Posted on August 07 2019
THE ART OF DOING NOTHING
article by Carley Schweet
Let's face it: we live in a world that's over-connected so it can feel very difficult - almost impossible - to disconnect.
Between the pings from emails, text messages, and social media notifications, it's natural to find ourselves down a rabbit-hole in both our digital and physical world. Not to mention, our seemingly endless to-do lists regularly loom over our heads, reminding us of the tasks we've yet to cross off. It's easy to feel like we're not doing enough before our day has even begun.
Why is it that we can quickly validate our self-worth by the number of tasks we accomplish in a day, not by what a kind, loving person we are?
Or, our busyness may be an avoidance technique that prevents us from facing what we fear most.
Is it possible that our busyness keeps us so focused on our to-do list that it hinders us? In the end, we no longer have the mental capacity to reflect on the parts of our lives that desperately need our attention.
Learning to do nothing for short periods of your day will hopefully help to rebalance the way you view your self-worth. You might find that you no longer feel the overwhelming desire to keep yourself busy throughout the day. Being still for a moment might bring you greater satisfaction than your to-do list ever did.
So, how do you do nothing in a world that glorifies doing everything?
The first step in doing nothing is to put your phone away.
Cell phones have become a convenient tool of distraction and can hinder the process of doing nothing. The more awareness you have around using your digital device as a crutch to fill a void of time, the better you'll become at learning how to be bored.
Challenge yourself to take note of how many times you reach for your phone while waiting in line, at the doctor's office, on the bus, etc. The next time you catch yourself digging around for your cell, focus simply being in the moment.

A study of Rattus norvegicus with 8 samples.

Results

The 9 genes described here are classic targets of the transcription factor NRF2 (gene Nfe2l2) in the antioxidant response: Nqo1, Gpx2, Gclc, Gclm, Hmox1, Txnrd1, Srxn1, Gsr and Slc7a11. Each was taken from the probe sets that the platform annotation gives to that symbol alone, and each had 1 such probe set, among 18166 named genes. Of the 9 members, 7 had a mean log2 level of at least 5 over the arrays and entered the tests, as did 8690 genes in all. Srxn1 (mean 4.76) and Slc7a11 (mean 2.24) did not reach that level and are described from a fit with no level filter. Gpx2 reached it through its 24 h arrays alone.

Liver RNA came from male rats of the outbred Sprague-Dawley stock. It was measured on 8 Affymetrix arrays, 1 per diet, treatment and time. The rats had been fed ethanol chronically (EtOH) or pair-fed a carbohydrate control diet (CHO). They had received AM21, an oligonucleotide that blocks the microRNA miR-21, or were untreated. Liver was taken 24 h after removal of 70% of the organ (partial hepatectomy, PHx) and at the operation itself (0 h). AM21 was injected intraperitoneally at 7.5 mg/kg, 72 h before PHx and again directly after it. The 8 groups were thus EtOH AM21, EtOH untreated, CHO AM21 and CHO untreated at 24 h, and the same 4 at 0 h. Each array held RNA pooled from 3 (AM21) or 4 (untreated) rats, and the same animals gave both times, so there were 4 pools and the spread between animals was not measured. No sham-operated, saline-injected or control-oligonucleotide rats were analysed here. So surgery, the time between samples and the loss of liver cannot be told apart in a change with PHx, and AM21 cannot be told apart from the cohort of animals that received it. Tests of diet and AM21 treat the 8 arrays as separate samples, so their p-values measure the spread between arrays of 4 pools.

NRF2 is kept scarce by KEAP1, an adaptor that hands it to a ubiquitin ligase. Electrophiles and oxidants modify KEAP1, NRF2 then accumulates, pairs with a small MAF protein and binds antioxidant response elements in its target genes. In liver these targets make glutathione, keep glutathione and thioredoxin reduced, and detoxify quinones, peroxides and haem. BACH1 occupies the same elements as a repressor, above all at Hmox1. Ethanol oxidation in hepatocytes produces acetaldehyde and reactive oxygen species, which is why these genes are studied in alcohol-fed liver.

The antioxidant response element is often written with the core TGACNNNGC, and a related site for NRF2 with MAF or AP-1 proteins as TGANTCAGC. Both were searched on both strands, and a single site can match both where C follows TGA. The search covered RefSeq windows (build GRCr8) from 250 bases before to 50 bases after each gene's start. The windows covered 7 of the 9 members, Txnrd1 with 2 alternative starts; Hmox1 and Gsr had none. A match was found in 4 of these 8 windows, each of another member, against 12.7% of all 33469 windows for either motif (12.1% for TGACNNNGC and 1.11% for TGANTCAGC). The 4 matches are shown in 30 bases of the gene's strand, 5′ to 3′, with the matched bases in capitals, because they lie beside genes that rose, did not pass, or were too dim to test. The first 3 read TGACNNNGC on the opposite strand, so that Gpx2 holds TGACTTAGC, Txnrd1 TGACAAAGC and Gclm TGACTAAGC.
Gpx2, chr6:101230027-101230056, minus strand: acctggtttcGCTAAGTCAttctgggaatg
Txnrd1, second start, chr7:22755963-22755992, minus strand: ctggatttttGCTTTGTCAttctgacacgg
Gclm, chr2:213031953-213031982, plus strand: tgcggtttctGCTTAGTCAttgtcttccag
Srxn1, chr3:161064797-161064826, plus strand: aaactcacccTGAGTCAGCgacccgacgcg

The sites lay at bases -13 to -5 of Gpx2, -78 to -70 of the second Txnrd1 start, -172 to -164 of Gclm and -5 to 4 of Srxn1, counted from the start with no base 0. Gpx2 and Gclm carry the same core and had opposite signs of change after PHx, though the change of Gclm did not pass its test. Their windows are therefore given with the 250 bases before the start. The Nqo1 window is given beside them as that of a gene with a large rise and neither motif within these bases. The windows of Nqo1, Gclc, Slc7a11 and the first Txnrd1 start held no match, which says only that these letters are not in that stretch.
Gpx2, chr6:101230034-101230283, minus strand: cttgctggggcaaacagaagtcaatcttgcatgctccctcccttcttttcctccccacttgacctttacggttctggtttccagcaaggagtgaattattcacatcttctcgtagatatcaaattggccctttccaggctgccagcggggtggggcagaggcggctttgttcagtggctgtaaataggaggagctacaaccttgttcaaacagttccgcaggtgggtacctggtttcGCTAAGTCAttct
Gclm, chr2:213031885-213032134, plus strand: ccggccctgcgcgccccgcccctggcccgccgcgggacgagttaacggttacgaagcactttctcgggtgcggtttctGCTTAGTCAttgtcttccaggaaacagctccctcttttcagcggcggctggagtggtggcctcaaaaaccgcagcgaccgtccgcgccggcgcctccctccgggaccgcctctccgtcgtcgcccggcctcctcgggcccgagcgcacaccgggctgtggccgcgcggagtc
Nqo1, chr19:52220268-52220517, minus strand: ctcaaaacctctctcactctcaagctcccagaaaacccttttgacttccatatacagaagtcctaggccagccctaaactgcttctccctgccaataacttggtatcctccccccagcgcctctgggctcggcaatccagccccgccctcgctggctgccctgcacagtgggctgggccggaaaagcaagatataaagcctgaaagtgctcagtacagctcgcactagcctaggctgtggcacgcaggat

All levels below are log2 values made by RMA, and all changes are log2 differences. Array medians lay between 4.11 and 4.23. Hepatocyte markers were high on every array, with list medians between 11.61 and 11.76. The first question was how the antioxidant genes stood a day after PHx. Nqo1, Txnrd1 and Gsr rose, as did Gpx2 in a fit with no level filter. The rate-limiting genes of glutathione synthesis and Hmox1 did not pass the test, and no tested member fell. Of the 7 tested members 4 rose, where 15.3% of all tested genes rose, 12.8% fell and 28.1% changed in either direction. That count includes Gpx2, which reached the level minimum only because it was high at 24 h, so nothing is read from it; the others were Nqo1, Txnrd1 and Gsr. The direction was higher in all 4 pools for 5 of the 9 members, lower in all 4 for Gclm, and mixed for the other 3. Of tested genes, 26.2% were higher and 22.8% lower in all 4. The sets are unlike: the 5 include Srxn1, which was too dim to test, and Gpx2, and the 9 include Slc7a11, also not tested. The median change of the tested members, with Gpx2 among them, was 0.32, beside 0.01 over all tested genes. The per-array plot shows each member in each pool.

Work on doing nothing.
If you need some extra accountability with your screen time, create time limits for the individual apps that seem to soak up most of your downtime.
The next step in doing nothing requires you to turn off your brain, even if just for a few moments.
Now that your phone is away, you can allow yourself the pleasure of drifting off into your thoughts. Daydreaming will give your brain space to get creative and will grant you the joy of relaxing into the practice of doing nothing.
Daydreaming might not come easy at first. You may find your brain resisting the process. If you're getting stuck, try doing a mindless task like washing the dishes or vacuuming your house. Give your mind the pleasure of just focusing on a single job.
If daydreaming doesn't excite you, meditation could be a transformational practice to introduce into your morning routine.
The final step is to remind yourself that your happiness is more important than your to-do list.
When we're overwhelmed, it can feel like the more you get accomplished, the happier you feel. Sure, there is something to be said about being productive, but our joy should not depend on a piece of paper listing our tasks.
Remember it's okay to take breaks, and it's completely alright to be bored. Let's try adding 'be bored' to our to-do list and see what happens.
After years of people-pleasing in the corporate fashion industry in New York City, she finally realized there was more to life than being a chronic yes-woman. By practicing transformational self-care, she gained more confidence and discovered that by making her needs a priority, real happiness would soon follow.
Carley is the host of the You Time™ Podcast, and her work is featured on major media outlets such as MindBodyGreen, Bustle, Hello Giggles, and Elite Daily.